More than 80 percent of rubber product manufacturers faced an increase in raw materials pricing in 2018, more than double that did in 2017, according to the Association for Rubber Products Manufacturers.
The industry is facing "a strong headwind right now" in terms of pricing for raw materials, Executive Director Troy Nix said in a webinar discussing the report.
Fourth quarter performance showed a little bit of mixed returns for business momentum, Nix said.
"Some of the economic indicators kind of contradict each other," he said. "I'm not alarmed by anything, but on the other hand, I'm not jumping out of my seat for joy relative to where we are as an industry. It's more of a wait and see."
According to the report, 41 percent of respondents saw an increase in their sales in 2018's fourth quarter, compared to its third quarter. More respondents saw a decrease at 31 percent than reported remaining the same at 27 percent.
"It's obviously a good thing, anytime you see more increases than decreases when we're comparing sales," Nix said.
Digging deeper into the data, 57 percent of the respondents serving the aerospace industry reported a strong fourth quarter, Nix said. Another 37 percent of those working in the automotive industry saw a bump in Q4 sales.
Looking back farther in Q4 versus Q3 sales, 2017 had the highest percent increase in the last four years, with 54 percent reporting increases in sales compared to 19 showing decreases. In 2016, 42 posted increases with 26 percent down, and in 2015 29 percent increased sales compared to 38 percent with declines.
"When you put this in historic context, we're losing about 13 points, so I think that's interesting," Nix said.
The cause of increased sales in 2018 Q4 was a new program or volume increase with current customers for 29 percent of respondents, down from 38 percent of respondents in 2017. New customers made up 11 percent of increased Q4 sales, also down from 17 percent last year. New orders with existing projects were 9 percent, compared to 14 percent last year.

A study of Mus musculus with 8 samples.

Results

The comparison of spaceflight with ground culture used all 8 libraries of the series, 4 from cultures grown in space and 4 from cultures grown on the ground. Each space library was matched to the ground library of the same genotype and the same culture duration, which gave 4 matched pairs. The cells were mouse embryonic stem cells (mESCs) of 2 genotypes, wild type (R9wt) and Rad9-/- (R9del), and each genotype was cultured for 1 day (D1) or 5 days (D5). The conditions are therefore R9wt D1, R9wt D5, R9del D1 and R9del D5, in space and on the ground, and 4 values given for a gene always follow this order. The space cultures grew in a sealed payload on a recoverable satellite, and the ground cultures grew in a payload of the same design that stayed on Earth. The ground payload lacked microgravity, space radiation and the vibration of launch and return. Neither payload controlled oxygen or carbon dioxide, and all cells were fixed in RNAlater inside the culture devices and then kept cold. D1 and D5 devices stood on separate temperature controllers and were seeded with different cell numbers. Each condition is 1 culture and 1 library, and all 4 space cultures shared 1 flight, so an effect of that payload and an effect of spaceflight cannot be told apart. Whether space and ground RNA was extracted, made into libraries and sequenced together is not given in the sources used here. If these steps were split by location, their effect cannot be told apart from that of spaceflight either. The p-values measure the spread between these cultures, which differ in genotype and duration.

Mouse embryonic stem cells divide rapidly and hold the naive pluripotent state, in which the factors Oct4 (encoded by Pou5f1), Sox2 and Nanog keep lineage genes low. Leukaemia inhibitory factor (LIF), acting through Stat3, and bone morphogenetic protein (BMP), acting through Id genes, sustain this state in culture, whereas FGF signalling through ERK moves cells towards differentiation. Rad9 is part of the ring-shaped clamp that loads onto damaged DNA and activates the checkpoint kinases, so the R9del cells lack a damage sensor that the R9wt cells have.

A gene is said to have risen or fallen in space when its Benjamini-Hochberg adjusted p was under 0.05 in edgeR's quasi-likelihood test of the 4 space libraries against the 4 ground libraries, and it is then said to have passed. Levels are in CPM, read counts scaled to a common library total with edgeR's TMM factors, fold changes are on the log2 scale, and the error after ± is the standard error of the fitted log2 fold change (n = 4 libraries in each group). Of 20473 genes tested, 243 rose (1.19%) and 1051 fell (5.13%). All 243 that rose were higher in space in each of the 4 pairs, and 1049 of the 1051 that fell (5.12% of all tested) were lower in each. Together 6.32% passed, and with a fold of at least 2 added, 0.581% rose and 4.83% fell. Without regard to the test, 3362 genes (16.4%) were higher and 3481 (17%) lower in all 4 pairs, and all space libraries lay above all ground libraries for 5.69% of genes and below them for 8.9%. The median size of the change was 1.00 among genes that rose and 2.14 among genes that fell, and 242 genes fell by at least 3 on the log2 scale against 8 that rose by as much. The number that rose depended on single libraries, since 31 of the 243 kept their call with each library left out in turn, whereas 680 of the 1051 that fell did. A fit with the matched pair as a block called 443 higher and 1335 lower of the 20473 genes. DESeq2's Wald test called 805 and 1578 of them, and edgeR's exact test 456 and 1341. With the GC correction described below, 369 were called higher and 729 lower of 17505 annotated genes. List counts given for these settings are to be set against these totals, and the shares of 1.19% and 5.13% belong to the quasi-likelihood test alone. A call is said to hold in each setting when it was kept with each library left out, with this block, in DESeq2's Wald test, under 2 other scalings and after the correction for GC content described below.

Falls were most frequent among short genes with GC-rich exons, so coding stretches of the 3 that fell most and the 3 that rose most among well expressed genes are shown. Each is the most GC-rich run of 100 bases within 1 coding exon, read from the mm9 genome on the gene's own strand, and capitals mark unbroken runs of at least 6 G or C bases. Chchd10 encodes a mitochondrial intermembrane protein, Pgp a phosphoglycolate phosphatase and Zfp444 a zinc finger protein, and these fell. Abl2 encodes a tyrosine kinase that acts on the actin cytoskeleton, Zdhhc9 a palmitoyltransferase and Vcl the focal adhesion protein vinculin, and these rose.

Shipments were up in the fourth quarter of 2018, compared to the third, with 48 percent of respondents seeing increases, compared to 23 percent with decreases and 29 percent remaining the same. Compared to the same period in 2017, 57 percent had reported increased shipments, with 12 percent showing a decrease and 31 percent showing no change. Again, 2017 saw the greatest increase in the category since 2015.
"When I examine performance relative to shipment … if I look at the Q4 versus Q3 of 2018, the data point looks pretty good," Nix said. "When I take a look at what's happened in the last four years, obviously 2017 was pretty strong. Then, when I go back to '15, '16, when I compare those too, we've come a long way."
Backlog from the third quarter to the fourth in 2018 has remained the same for 43 percent of respondents, up from 31 percent for the same period in 2017. It increased for 30 percent in 2018, down from 51 percent in 2017, and it decreased for 26 percent, up from 16 percent in the prior year.
"If you go back 12 months when we looked at this question … it showed that backlog was actually increasing," Nix said. "Backlog going into this year is not as solid as we'd like to see it. There's a 10 percent jump in those seeing a decreased backlog and a 21 percent drop in those seeing an increased backlog."
Looking at the production workweek tells a different story, Nix said. As other economic indicators start to go in a negative direction, workweeks have increased on trend since 2015. The Q4 production workweek in 2018 increased for 52 percent of respondents, compared to 43 percent in the same period for 2017. Both of those points are higher than those showing an increase in 2016 at 27 percent, and in 2015 at 18 percent.
The Q4 production workweek remained about the same for 33 percent in 2018, down from 46 percent in 2017. Again, both of those numbers are lower than earlier responses of 54 percent in both 2015 and 2016. The workweek decreased for 14 percent in 2018, up from 10 percent in 2017.
"Maybe the reason that backlog went down was because we had to grow expansion of our workweek to meet customer demand," Nix said. "So this is a good thing."
Nix found that smaller companies of less than $5 million in annual sales were more likely to say that the production workweek remained the same. Companies of $15 million and more "basically were adding more production hours to your work schedule," he said.
Quoting activity in Q4 2018 increased for 44 percent of respondents, down from 48 percent for the same time period in 2017. Almost the same amount, 43 percent, remained the same in 2018, up from 32 percent in 2017, and 13 percent saw a decrease in Q4, down from 20 percent in 2017.
For increasing quote activity, the trend line going backward is more level, with 42 percent increased in 2016, up from 25 percent in 2015.